The case of an avant-garde architect, who defied then assisted the Nazi machine, makes hard and fast judgments difficult.

The trial of the Ukrainian John Demjanjuk in Germany has brought the question of Nazi collaboration back to the daily news. If you were a victim of the Nazis and decided to help them — rather than suffer or starve — how guilty are you?

Demjanjuk's apparent cruelty as a camp guard darkens his case. Not only did he sign up for the job all those years ago; he allegedly liked leading Jews to the gas chamber. No one accuses Franz Ehrlich, a German Bauhaus architect who spent two years at Buchenwald, of the same sadism. But recent research by the Buchenwald historical institute has found evidence that Ehrlich designed parts of the concentration camp.

In particular, he designed the motto on the prison gate, which reads Jedem das Seine, or "To each his own." The phrase is as bitterly sarcastic — and almost as famous — as the "Arbeit Macht Frei" sign at Auschwitz.

The story is surprising. Bauhaus became the 20th century's essential "forward-looking" modern style, opposed in spirit to fascist pomp; after the war it would shape the look of secular intellectual cities like Berlin, Los Angeles and Tel Aviv.

"The story of what happened after the Gestapo padlocked the last Bauhaus facility, in Berlin," wrote The New York Timeslast month, "has always been about flight and persecution. Most of the school's artists and artisans left the country, many for America; the few who remained, it has been thought, were Jews who did not get out in time."

Ehrlich wasn't Jewish. When Hitler came to power he was a young, avant-garde architect in Leipzig. Most Bauhaus architects had progressive ideas, but few of them joined the political resistance against the Nazis: Ehrlich did, with fellow Communists, which got him arrested in 1935. He was transferred to the new camp at Buchenwald in 1937. To avoid hard labor, writes the Times, "he walked into the joinery workshop, declared himself an architect ... and began to draw at a drafting table."

The Nazis freed him early, in 1939, on condition that he continue to work for the SS. He lived off Nazi commissions for the next four years, designing officers' barracks, prison barracks, a weapons factory and even the "zoo" at Buchenwald — a small menagerie just outside the prison gate. He also worked on elements of the Sachsenhausen camp near Berlin.

He was apparently too questionable a citizen to be given security clearance to work on the most lethal parts of the Buchenwald camp, the crematorium or the "medical" section. Still, he collaborated. He earned a good living as a tool of the Nazi machine.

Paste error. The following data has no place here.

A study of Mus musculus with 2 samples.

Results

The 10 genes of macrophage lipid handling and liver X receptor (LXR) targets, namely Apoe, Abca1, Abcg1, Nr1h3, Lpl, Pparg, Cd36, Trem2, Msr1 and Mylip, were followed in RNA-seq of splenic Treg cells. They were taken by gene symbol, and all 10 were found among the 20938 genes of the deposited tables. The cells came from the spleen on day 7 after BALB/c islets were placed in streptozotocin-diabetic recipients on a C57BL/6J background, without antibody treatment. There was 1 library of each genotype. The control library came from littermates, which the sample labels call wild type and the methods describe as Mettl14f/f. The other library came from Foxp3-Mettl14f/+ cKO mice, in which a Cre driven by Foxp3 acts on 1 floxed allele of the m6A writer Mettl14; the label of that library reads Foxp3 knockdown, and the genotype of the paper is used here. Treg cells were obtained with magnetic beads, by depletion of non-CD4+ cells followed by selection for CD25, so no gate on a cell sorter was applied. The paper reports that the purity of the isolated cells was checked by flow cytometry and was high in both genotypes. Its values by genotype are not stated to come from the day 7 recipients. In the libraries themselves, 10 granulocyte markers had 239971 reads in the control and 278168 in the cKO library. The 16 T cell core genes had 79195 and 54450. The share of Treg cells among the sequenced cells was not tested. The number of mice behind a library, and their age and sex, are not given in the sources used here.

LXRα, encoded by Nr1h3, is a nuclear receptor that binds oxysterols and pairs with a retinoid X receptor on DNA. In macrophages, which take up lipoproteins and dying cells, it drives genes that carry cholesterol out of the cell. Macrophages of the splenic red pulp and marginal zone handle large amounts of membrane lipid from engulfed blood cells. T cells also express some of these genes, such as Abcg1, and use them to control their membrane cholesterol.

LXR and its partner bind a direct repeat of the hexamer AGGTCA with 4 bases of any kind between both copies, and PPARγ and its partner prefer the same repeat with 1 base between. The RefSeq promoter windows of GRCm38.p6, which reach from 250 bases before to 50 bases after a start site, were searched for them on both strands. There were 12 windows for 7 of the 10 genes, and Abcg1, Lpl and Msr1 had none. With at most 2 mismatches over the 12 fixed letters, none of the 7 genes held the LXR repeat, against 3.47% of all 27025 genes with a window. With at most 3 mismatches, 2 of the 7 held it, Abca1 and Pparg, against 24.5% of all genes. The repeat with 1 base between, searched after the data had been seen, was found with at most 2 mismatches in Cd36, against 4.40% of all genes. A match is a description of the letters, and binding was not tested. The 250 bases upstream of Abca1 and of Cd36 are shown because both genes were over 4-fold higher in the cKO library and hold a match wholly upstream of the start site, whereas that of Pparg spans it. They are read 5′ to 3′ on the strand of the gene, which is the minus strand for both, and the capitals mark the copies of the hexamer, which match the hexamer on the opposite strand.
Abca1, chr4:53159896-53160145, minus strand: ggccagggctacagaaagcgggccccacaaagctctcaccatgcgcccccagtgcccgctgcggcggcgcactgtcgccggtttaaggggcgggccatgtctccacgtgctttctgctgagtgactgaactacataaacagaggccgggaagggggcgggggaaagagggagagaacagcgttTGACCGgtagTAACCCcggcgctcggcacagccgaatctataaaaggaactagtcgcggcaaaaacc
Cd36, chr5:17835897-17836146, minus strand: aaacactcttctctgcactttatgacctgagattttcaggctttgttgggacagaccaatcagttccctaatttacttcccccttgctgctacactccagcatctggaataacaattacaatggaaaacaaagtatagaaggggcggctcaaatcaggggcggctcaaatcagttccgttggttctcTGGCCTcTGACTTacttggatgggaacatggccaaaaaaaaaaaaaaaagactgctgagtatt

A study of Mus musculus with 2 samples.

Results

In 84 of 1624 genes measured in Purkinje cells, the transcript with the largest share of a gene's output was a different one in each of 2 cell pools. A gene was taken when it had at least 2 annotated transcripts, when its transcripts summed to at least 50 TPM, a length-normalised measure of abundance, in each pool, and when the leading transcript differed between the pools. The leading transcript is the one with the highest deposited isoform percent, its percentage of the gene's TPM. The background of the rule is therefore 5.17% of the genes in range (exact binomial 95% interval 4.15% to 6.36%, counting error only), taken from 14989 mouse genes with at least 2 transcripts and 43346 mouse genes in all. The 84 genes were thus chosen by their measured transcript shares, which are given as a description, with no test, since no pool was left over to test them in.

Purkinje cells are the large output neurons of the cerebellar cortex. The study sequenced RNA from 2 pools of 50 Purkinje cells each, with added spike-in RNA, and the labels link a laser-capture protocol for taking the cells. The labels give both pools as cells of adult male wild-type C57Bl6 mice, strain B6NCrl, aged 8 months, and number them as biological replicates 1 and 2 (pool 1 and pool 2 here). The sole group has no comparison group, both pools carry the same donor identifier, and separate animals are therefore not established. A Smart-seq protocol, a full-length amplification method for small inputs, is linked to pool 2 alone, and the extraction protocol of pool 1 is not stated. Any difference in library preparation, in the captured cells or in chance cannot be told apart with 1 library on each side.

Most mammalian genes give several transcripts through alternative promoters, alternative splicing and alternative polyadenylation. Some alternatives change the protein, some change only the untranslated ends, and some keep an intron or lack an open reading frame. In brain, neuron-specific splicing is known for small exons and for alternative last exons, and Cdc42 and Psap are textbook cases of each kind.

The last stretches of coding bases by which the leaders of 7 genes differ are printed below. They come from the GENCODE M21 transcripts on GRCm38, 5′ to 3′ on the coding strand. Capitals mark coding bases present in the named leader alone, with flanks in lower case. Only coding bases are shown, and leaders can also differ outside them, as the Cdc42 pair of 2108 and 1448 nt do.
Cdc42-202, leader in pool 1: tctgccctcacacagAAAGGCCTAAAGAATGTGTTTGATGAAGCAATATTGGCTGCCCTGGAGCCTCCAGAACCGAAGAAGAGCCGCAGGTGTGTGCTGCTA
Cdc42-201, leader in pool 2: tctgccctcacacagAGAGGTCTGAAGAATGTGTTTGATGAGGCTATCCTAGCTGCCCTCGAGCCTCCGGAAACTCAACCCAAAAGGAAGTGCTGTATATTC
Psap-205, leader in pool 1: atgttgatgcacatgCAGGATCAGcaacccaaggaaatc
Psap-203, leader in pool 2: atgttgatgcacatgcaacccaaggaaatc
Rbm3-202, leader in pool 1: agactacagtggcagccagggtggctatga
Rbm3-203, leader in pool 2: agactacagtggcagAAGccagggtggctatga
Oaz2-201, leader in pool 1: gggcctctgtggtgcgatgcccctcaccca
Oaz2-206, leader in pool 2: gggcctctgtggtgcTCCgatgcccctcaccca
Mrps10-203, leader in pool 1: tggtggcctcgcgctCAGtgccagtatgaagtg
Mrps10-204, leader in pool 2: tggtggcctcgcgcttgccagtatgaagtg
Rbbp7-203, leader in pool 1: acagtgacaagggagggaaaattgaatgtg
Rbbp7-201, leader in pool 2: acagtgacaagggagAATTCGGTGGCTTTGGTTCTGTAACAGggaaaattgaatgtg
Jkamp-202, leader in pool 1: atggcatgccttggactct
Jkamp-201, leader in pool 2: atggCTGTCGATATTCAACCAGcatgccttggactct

No one believes he became a committed Nazi, and some argue that he worked subversively. A fellow prisoner named Fritz Männchen said Ehrlich had provided the resistance movement in 1941 with plans for the concentration camp at Auschwitz. But the story "is impossible to corroborate," writes the Times.

Weimar's Neues Museum hosted an exhibit about Ehrlich last summer, and its organizers emphasized his acts of resistance. "The SS construction supervisor ordered him to create the typographic design for the motto 'Jedem das Seine,'" reads a program note. "It was to be mounted above the camp gate, legible from the inside, it was to emphasize the right of the SS to brutally sort out and murder [the prisoners]. Ehrlich designed the letters to reflect the [style of] Bauhaus and his teacher, Joost Schmidt. The typography thus becomes a subtle intervention in contrast to the spirit of the words."

Perhaps. The letters are (still) a surprising instance of grace on the grim prison yard at Buchenwald. But Ehrlich died in 1984, in East Germany, and these details rose to the surface only five years ago. He never talked about his SS commissions.

One lesson from the story might be that modernism can be easily corrupted. The sleek, secular spirit of Bauhaus hasn't turned Berlin, Los Angeles or Tel Aviv into beautiful towns. But the style can be degraded by simpler forces than Nazism. The Bauhaus movement led to mass-produced buildings in the West after the war as well as notorious pre-fab Plattenbau in the Communist East. Minimalism, after all, is cheap, and the Nazis had budgets like everyone else.

The real point of Ehrlich's story is that Nazi collaboration was a survival tactic for all sorts of people under a brutal regime. Some defenders of Demjanjuk would call this a good reason to let the old man go. But the logic may point to the much tougher, plainer conclusion. Maybe survival, under any system, is morally incomplete. "There is an opportunism here in which [the collaborators] did not care who was heading the regime," said David Bankier, head of the International Institute for Holocaust Research at Yad Vashem, to Ha'aretz, "as long as they were allowed to work."